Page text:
Admiral Chester W. Nimitz: The Life and Legacy of the U.S. Pacific Fleet's Commander in Chief during World War II
Date: September 2019
Duration: 2 hours 15 minutes
“It is the function of the Navy to carry the war to the enemy so that it is not fought on U.S. soil.” – Admiral Nimitz
All Americans are familiar with the “day that will live in infamy.” At 9:30 a.m. on Sunday, December 7, 1941, Pearl Harbor, the advanced base of the United States Navy’s Pacific Fleet, was ablaze. It had been smashed by aircraft launched by the carriers of the Imperial Japanese Navy. All eight battleships had been sunk or badly damaged, 350 aircraft had been knocked out, and over 2,000 Americans lay dead. Indelible images of the USS Arizona exploding and the USS Oklahoma capsizing and floating upside down have been ingrained in the American conscience ever since. In less than an hour and a half the Japanese had almost wiped out America’s entire naval presence in the Pacific.
Despite fighting in North Africa and the Atlantic, the United States still had the resources and manpower to fight the Japanese in the Pacific. Though the Japanese had crippled the American fleet at Pearl Harbor, its distance from Japan made an invasion of Pearl Harbor impossible, and Japan had not severely damaged important infrastructure. Thus, the United States was able to quickly rebuild a fleet, still stationed at Pearl Harbor right in the heart of the Pacific. This forward location allowed the United States to immediately push deeply into the Pacific theater.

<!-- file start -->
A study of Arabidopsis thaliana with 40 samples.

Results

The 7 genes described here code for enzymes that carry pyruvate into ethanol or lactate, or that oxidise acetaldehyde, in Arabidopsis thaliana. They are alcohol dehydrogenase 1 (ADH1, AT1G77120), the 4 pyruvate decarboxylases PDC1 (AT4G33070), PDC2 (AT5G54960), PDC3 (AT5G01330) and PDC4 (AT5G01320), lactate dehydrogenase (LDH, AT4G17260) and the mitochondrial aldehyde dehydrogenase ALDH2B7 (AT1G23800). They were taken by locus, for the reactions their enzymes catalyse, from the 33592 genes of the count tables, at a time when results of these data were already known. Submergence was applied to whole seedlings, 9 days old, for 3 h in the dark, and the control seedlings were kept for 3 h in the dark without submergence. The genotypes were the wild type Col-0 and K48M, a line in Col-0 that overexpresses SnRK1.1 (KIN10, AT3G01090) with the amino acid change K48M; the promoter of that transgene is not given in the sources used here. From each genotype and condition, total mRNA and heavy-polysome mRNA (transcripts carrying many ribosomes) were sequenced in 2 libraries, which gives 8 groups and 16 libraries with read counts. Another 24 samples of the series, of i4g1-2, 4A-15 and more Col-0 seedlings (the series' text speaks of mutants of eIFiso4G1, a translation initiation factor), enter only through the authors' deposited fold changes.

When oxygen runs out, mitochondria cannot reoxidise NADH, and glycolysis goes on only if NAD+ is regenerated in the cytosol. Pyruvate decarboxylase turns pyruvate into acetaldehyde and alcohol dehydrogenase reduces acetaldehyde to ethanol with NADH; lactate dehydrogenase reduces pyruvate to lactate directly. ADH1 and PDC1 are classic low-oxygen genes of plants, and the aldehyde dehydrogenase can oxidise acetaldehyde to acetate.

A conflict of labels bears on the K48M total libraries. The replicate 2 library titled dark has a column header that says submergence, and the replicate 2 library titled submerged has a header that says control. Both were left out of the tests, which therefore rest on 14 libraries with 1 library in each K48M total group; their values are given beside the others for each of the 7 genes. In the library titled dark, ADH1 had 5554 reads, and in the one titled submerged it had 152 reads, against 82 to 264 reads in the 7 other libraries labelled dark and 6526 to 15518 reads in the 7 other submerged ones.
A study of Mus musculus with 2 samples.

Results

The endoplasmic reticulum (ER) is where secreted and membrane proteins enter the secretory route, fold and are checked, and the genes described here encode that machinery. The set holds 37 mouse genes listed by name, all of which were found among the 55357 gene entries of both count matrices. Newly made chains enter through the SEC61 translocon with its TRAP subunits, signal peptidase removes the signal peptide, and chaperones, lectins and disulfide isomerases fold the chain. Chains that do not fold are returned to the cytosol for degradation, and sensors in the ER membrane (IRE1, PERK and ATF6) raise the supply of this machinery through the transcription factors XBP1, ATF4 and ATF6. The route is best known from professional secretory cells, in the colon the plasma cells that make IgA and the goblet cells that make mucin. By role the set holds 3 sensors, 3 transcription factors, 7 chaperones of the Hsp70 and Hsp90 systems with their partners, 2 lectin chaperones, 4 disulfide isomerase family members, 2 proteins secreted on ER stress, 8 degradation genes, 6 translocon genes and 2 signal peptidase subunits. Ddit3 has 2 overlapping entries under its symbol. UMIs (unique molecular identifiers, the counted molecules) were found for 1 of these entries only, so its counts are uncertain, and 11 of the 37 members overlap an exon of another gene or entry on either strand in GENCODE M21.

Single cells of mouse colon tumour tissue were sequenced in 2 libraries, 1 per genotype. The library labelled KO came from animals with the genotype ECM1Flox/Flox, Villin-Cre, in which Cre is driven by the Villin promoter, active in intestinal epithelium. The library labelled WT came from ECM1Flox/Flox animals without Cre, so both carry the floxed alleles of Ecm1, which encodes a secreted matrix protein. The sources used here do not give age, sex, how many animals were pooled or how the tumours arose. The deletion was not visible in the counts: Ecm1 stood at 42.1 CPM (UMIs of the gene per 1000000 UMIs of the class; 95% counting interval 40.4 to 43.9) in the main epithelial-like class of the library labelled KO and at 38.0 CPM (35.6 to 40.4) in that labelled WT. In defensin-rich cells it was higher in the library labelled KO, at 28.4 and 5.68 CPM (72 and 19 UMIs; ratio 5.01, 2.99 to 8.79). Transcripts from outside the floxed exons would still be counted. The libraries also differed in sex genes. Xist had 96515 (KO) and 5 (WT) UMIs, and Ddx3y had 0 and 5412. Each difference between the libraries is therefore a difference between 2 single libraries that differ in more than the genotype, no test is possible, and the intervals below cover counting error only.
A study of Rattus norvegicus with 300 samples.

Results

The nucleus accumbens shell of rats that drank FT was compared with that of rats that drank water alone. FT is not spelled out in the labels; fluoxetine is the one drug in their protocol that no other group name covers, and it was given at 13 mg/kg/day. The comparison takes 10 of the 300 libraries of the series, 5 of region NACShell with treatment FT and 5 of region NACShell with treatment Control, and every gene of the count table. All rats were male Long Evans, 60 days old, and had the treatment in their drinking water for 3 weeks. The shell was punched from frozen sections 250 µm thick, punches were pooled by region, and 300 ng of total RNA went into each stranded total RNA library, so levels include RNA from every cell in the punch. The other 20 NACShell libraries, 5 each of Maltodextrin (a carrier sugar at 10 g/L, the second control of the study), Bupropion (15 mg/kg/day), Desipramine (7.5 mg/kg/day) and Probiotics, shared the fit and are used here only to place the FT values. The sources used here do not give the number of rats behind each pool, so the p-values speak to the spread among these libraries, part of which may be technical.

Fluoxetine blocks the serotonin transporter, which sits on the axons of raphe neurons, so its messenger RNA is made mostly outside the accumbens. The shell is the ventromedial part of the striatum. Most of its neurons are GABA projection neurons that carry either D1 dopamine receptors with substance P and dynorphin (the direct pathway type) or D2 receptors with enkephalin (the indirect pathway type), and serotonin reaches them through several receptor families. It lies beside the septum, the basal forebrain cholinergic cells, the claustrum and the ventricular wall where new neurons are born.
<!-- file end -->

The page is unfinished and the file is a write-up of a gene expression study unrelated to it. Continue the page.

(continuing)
The Americans would eventually push the Japanese back across the Pacific, and one of the most instrumental leaders in the effort was Admiral Chester W. Nimitz, who commanded the U.S. Pacific Fleet and helped coordinate joint operations with the legendary General Douglas MacArthur, the Supreme Commander, Southwest Pacific Area. The ensuing strategies would lead to decisive operations at places like Midway, Iwo Jima, Okinawa, and others before the use of the atomic bombs compelled Japan’s surrender in August 1945.